Penguin's Top 5 Cult Crime Books

Here's some classic cult crime fiction from Penguin, recommended by crime editor Stefanie Bierwerth.

Sherlock Holmes

A Fatal Inversion by Barbara Vine

Barbara Vine at her mesmerising, menacing best.

In the long hot summer of 1976, 19 year-old Adam inherits a crumbling Georgian mansion in Suffolk. He fills it with a random selection of friends who drift through their days without purpose, stealing heirlooms to fund their makeshift commune. But a sense of foreboding begins to overshadow their existence and tension starts to crack through their domestic idyll. When the body of a woman and child are uncovered ten years later, Adam and his friends must confront some terrible truths about the tragedies that occurred during that sinister summer.

Find out more about A Fatal Inversion.

The Big Sleep by Raymond Chandler

The godfather of all detectives and an absolute classic crime must-read.

Ah, Philip Marlowe. The archetypal hardboiled gumshoe - world weary, hard drinking, and wise to the ways of dames. His first case is in Chandler's classic crime novel from 1939, The Big Sleep which gets him entangled with the complicated Sternwood sisters. Immortalised by the brooding Humphrey Bogart, the film is great, but rest assured the book is even better. Where else would you get lines like:

The General spoke again, slowly, using his strength as carefully as an out-of-work show-girl uses her last good pair of stockings.


A hugely powerful and impressive debut that will stay with you for years.

Reminiscent of Patricia Highsmith's The Talented Mr Ripley, Donna Tartt's The Secret History instantly becomes one of the all-time favourite books of everyone who reads it. When narrator Richard joins the imposing and elitist Bennington College, he goes to great lengths to be accepted by a tight-knit group of classics students and become part of their privileged social circle. But Richard soon learns to his cost that such privilege comes at a high price, when certain members believe themselves to be above the law.


A marvellous bestseller featuring one of the best-loved crime characters of all time.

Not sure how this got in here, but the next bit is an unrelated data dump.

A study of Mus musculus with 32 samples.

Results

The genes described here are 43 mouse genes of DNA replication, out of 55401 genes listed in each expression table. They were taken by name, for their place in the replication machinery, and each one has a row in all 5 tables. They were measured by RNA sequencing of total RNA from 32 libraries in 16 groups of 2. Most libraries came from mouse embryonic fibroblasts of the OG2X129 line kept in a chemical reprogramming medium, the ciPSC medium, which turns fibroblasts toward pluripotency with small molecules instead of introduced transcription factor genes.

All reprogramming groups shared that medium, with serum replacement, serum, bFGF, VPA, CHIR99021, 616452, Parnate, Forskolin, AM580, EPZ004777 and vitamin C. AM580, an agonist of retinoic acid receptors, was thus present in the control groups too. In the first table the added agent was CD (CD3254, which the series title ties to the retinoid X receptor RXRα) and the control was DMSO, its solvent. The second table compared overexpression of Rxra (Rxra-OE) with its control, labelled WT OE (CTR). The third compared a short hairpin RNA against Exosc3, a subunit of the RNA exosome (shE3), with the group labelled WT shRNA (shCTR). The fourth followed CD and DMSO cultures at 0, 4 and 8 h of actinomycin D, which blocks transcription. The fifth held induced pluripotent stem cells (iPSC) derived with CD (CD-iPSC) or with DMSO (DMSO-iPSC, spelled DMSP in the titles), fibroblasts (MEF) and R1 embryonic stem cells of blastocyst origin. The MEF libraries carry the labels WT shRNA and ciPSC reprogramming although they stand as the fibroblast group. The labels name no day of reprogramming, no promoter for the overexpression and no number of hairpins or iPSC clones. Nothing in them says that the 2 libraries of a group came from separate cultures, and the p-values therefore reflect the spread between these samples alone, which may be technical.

Combe Island off the Cornish coast has a bloodstained history of piracy and cruelty but now, privately owned, it offers rest and seclusion for over-stressed professionals who have paid the price of getting to the top. But then one of these distinguished visitors is bizarrely murdered and Adam Dalgliesh and his team are called in immediately: their investigation must be swift, discreet and decisive. However, Dalgliesh has his work cut out, since both residents and visitors to Combe Island guard their privacy well. The Lighthouse exquisitely combines all those wonderful P D James trademarks that we know and love her for.

The Hound of the Baskervilles by Sir Arthur Conan Doyle

Sherlock Holmes and Dr Watson - the detective pairing who started a whole new genre.

Could the sudden death of Sir Charles Baskerville have been caused by the gigantic ghostly hound that is said to have haunted his family for generations? Arch-rationalist Sherlock Holmes characteristically dismisses the theory as nonsense. And, immersed in another case, he sends Watson to Devon to protect the Baskerville heir and observe the suspects at close hand ... Rationalism is pitted against the supernatural, good against evil, as Holmes seeks to defeat a foe almost his equal. One of the greatest crime novels ever written and a true piece of cult fiction.

Find out more about The Hound of the Baskervilles.